When my stylish daughter Sarah called to say that she had an extra ticket to a fashion show during New York Fashion Week, she invited her father to go instead of me. I wasn't offended -- the two of them share a fashionable gene, while I am the one usually wearing less-than-fashionable jeans. My husband was going to be out of town, so by default I was invited to my first ever fashion show. Being me, it didn't occur to me that I would have to dress up somewhat, even to be in the audience, and it wasn't until 8:30 the night before that I thought about what I was going to wear. Going through my "nice" clothes, I realized that they had all been purchased in the '90s, when I was two sizes larger than I am now. Panic ensued, and I actually did a late-night dash to T.J. Maxx, arriving at the store ten minutes before they closed. As I am not a shopper at the best of times, trying to find an outfit for the fashion event of the year (in my eyes, at least) in a discount store as they are closing ... well, it just was not going to happen. Back home, I found a suit I purchased in a thrift shop and never wore, as it was too big. (If you are wondering why I bought it in the first place, that is an excellent question, and the answer is I have absolutely no idea). I hemmed the pants and since I can't really sew I used safety pins to turn up the sleeves. I wore it with my one really nice top, a turquoise Vivienne Tam number. (I have no problem confessing that it was the third time I have worn that top this week. And it is only Tuesday. I really like it).
Now that I had determined my outfit, I then started to worry about logistics. Where and when should I go? What do you do at a fashion show? Do you need tickets? Will they know I don't know anything? I texted Sarah innumerable times, and to her credit, she replied to all of my questions. She has my ticket. She will meet me at Lincoln Center. It doesn't matter what I wear. They won't know or care what I do. It wasn't until my tenth text that I thought to ask what show we would be seeing. I had never even heard of it.
About two blocks away I started noticing the clothes on the people around me -- and I never notice clothes. But these were noticeably nice, and the people wearing them were noticeably thinner and taller than "normal" people. I arrived at Lincoln Center an hour early, had lunch and watched the people go by. I was, by the way, the only one eating. And it was most definitely lunchtime. Various attractive people were taking pictures of other attractive people. Some people had large crowds around them. Maybe they were famous, maybe not. I couldn't tell. While I was waiting for my beautiful daughter, I saw at least 20 girls who looked like her. Same sunglasses. Same great haircut. Same sense of belonging. I got a bit panicky that I would never find her and started texting again. She found me and breezily walked me into the theater.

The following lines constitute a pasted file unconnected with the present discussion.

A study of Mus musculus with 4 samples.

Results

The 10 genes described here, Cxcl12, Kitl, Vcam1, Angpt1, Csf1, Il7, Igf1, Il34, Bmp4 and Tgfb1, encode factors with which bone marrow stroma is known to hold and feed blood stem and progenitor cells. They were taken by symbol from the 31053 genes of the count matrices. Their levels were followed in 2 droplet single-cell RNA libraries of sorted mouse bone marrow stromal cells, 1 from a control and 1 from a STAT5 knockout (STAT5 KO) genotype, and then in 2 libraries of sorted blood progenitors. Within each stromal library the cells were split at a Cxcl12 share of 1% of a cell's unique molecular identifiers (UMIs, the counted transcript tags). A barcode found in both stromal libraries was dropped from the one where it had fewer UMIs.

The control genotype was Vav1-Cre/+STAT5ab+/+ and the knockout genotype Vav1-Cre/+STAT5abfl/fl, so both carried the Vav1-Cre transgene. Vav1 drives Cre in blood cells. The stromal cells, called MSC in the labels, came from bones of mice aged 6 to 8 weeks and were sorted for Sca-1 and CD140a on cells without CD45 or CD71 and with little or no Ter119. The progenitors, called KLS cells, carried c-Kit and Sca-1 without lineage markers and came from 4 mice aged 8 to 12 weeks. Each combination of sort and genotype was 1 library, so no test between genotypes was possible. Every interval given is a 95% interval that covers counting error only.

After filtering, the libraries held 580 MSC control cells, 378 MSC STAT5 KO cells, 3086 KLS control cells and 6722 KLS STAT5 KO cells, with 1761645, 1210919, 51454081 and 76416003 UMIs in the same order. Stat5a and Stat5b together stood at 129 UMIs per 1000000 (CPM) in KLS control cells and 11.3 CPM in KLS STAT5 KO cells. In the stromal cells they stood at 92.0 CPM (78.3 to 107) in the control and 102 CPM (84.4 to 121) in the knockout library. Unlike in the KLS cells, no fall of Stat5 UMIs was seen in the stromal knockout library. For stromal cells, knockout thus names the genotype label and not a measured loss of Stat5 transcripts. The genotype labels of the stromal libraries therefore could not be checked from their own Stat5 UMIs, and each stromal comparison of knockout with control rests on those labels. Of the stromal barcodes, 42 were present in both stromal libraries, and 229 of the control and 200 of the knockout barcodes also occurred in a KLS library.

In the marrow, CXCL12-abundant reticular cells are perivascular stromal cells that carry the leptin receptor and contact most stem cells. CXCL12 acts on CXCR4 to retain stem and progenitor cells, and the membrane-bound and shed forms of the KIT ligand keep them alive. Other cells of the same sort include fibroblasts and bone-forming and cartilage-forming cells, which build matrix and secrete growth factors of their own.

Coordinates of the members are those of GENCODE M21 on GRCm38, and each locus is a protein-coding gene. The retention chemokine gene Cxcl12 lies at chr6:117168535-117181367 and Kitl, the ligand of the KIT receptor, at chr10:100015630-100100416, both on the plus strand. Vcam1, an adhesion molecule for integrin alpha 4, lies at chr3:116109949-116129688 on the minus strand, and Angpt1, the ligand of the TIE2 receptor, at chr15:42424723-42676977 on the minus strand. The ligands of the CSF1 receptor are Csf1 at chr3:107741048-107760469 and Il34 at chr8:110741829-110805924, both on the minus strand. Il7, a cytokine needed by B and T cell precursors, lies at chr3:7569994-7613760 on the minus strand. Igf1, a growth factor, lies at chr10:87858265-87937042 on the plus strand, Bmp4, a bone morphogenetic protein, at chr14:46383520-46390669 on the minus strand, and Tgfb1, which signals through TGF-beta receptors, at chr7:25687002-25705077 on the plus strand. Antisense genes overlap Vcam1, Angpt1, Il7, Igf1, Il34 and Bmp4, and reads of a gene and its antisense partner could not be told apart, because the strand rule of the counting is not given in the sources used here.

I had a ticket, but this was no regular theater. There were several checkpoints requiring magic words to get through. Thank goodness Sarah was there. She went to sit in the front row. I was in standing room. The room wasn't huge, and there were lots of us standees and tons of photographers. I had no idea there was a need for so many photographs of a fashion show.
While I was waiting, all I could think about was how much my feet were hurting from standing. The show started about 30 minutes late, with no big fanfare, just a girl in a sparkly dress walking by, followed by another, and another. The dresses were nice, but they looked quite similar and the girls all had the same vacant stare. Why do models have to have that blank expression? Would we not want to buy the clothes if they looked human? And they walk hip first so they seemed to be leaning backwards. My maternal instinct wanted to tell them to straighten up. Only one looked frighteningly thin. The others just seemed bland, especially when compared to the colorful, animated faces around me. I actually found it a bit monotonous. When all the girls came out at the end I was surprised to see that there were about 20 in the show. I would have guessed no more than five or six and had been marveling at how quickly they changed. The show ended after about 15 minutes with the designer making a quick, hurried wave to the audience.
Would I go again? Yes, absolutely, if only to sit outside and watch the crowd. I definitely preferred people watching to mannequin watching. The people outside the show were more interesting; their shoes alone were worth the trip. And strangely, at the subway station, for the first time ever, I saw New Yorkers, strangers, talking and laughing together. That was truly beautiful.